The Foundation Academy senior will bring his game to the Army football team at the U.S. Military Academy at West Point.
| 3:22 p.m. December 20, 2019
With one call, Dharius “Seth” Daniels’ life changed forever.
Back in August, as his first — and only — year of football at Foundation Academy was ramping up, the senior standout took an hourlong phone call with a football recruiter at the United States Military Academy at West Point.
By the end of that phone call, Daniels was offered something many people dream to have — a chance at playing Division I football at one of the country’s most historic programs.
“After that, it was like, ‘This is the greatest opportunity of my life, and I got it off of playing a sport,’” Daniels said. “It really gives me love for the game of football — something as simple as a sport can change the rest of your life.”
He took his time before announcing his commitment, but on Thursday, Dec. 12, Daniels revealed on Twitter that he was officially committing to play for the Black Knights — thanking his family, coaches and teammates for their support.
The tweet also signaled something Daniels has been looking forward to for a few years: the end of the recruiting process.
“It’s definitely a great feeling,” Daniels said. “The whole recruiting process is definitely a blessing, but it is also kind of stressful trying to figure out where you want to go, who is going to offer you and where you’re going to fit in the best. It’s a burden off my back, and I’m just excited to sign and get to (play) college football.”
Daniels — who played both on offense and defense at the wide receiver and defensive back positions for the Lions — will play cornerback for Army, although he will start on the school’s prep team before joining varsity.
Although some would not have liked the idea of not playing the first year with the varsity team, Daniels knows the opportunity with Army is special. He had taken multiple visits to different schools — including Ivy League schools such as Princeton — but that trip to West Point was different, Daniels said.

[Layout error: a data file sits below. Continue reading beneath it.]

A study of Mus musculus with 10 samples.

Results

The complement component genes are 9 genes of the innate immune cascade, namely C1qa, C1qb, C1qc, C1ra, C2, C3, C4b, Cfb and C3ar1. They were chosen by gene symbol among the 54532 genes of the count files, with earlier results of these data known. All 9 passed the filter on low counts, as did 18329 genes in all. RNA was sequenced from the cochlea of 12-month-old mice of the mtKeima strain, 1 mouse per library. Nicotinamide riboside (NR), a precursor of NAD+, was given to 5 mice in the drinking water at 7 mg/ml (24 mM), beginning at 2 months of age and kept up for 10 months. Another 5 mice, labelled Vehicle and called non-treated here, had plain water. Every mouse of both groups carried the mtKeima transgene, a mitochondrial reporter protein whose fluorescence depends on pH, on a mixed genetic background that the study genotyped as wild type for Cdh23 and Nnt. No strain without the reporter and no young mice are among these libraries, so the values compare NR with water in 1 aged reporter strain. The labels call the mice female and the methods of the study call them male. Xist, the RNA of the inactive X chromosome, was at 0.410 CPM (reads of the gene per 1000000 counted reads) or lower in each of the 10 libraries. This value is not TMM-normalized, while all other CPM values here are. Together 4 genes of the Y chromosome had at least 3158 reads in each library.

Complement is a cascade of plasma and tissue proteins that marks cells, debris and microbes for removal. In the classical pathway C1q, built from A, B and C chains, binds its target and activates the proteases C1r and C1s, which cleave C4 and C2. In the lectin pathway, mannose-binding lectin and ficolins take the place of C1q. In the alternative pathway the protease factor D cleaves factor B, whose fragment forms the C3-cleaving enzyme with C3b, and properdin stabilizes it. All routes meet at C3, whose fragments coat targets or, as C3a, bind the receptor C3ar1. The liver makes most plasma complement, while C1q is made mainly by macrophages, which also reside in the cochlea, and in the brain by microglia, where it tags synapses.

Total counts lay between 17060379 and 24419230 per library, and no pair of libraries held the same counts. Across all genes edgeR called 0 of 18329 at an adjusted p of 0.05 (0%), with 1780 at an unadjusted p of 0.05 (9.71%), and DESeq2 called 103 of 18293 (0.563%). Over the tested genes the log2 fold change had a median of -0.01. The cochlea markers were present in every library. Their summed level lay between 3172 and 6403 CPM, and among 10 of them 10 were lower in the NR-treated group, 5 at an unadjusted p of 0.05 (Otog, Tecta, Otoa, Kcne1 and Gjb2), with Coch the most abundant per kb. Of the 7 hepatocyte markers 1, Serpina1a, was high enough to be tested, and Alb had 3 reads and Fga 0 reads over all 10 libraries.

“Because it’s West Point, and because it’s military — I didn’t know what to expect,” Daniels said. “I come in and see thousands of people tailgating. I went to the Army/UMass game — they beat them by like, 70 — and it wasn’t a big game, and the stadium was three-fourths full.
“It’s just crazy, the support there and the love,” he said. “I’ve played at Windermere Prep and Foundation, so I’ve played in some big games, but Minchie Stadium seats, like, 38,000.”
A LATE START
Unlike many players, Daniels didn’t play youth football — he was a basketball player by trade.
It wasn’t until ninth grade that the New Jersey native picked up a football and began to move away from basketball and lacrosse. The reason? His parents were nervous about football — and for good reason.
“My parents didn’t want me to play because my cousin had broke his neck and became paralyzed from football,” Daniels said. “I ended up playing ninth-grade year just for fun and to meet people. I think it was my second game I got four interceptions, and I was like, ‘Yeah, this is kind of fun — I like tackling people.’”
Daniels and his family moved to Florida halfway through his freshman year, and for his sophomore and junior years, he played on the team at Windermere Prep.
Despite hitting a bit of a sophomore slump, Daniels rebounded in his junior season with a year that grabbed the attention of several schools. It also was then when he realized football could help get him to college.
The budding star ramped up his play even more after transferring to Foundation. In his only year for the Lions, Daniels racked up more than 1,100 all-purpose yards and eight total touchdowns on offense. On defense, he grabbed an interception, one forced fumble and 20 total tackles.
Those kinds of numbers — along with all of that hard work and progression over the last four years — led Daniels to a place where he can really shine at Army. It’s a big opportunity in many ways for Daniels, and it has perks — such as playing in the Army/Navy game.
“That’s something that I’ve been thinking about since Army reached out to me,” Daniels said. “That’s one of the most historic, classic rivalries in college football. Just the opportunity to be able to participate in that — it’s just going to give me chills.”